The centre and the J&K administration held a real estate summit in Jammu (the first of its kind) to encourage people from across the country to buy land, or a second home, in Jammu and Kashmir.
Outsiders - those not classified as 'permanent residents' - had earlier been barred from purchasing or owning land but this was changed after the centre scrapped Article 370 in August 2019, thereby removing special status for J&K.
Local protesters and regional political parties have accused the centre of "putting J&K up for sale".
Organised jointly by the Union Ministry for Housing and Urban Affairs and the J&K administration, the Jammu and Kashmir Real Estate Summit (2021) was held today. Officials said 39 MoUs, or Memorandum of Understandings, were signed; 19 dealt with construction of residential homes.
Calling it a "historical transformation in J&K", the government said it had changed laws to allow external investment in J&K - including the purchase of non-agricultural land.
Lt Governor Sinha has said a similar event will be held in Srinagar in May next year.
"Under the new J&K Development Act, the term 'being a permanent resident of the State' as a criteria has been omitted, paving the way for investors outside J&K to invest," the agenda for today's conference said.
"As a result, any citizen of India can buy non-agriculture land in J&K," it said.
Last week the J&K administration, headed by Lieutenant Governor Manoj Sinha, changed land use laws and allowed re-classifying agricultural land for non-agricultural purposes. The decision triggered strong criticism from regional parties, who said the land would be used to settle non-locals.
Recently the centre told Parliament that only seven plots of land had been purchased in J&K following the scrapping of special status. Allowing people from outside J&K to buy land in the UT was one of the major talking points for the BJP and the centre, but so far that doesn't seem to be the case.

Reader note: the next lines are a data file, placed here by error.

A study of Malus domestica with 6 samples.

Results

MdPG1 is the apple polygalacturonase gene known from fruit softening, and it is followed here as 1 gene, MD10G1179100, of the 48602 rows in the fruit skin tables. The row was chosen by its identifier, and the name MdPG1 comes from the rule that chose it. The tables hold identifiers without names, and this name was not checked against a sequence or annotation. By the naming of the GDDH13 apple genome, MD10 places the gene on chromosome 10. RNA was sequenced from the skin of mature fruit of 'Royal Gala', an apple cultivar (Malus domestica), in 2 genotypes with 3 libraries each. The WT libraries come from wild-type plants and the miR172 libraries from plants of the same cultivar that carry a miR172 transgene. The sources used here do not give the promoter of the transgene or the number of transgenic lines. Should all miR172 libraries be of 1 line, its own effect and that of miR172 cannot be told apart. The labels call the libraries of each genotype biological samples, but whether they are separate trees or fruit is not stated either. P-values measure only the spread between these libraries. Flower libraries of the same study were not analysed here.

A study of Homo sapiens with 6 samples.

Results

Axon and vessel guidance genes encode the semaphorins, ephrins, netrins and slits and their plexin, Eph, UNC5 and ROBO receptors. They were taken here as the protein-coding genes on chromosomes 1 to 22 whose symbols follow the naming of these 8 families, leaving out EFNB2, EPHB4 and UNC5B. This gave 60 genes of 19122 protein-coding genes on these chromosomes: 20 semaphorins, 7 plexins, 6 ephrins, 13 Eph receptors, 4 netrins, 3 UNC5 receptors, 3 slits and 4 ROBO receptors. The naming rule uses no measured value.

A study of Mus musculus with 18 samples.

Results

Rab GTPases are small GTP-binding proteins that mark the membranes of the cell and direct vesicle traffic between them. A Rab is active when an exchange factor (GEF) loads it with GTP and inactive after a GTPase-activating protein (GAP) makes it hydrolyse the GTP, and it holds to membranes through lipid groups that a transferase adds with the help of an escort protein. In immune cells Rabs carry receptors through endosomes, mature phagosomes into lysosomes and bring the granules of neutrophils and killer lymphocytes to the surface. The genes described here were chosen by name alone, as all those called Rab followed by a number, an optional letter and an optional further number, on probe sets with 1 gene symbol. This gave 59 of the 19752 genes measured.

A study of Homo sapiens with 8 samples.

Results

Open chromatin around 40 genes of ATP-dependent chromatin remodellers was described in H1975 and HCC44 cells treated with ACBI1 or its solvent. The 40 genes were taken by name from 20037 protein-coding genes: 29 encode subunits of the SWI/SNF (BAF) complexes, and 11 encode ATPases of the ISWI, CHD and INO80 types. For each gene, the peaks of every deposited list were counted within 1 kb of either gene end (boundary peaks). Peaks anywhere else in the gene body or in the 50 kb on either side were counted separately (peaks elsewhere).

Opposition parties have urged the government to focus on job creation rather than investment, given J&K is facing a massive unemployment crisis.
According to a recent Centre for Monitoring Indian Economy (CMIE) unemployment survey, J&K's unemployment rate is over 21 per cent. The all-India average is 7.8 per cent.
Meanwhile, just a few kilometres down the road there were protests against the summit and demands for the restoration of constitutional safeguards and statehood.
"This will not be acceptable to my party or the people of J&K. Having said that, the moot point is (to ask) what necessitated the government to omit the domicile requirement..." Altaf Bukhari, President, Apni Party, said.
"J&K is being put up for sale. They are trying to change our demography, history, identity and culture. We don't accept any such development which changes the character of J&K. They are auctioning J&K," Sunil Dimple, President of Mission Statehood J&K, said.
Recently, the J&K administration was forced to suspend its decision to privatise the power sector, including transmission, after 20,000 employees - who alleged government resources were being systematically sold off - went on strike. The Army had to be called in to operate grid stations.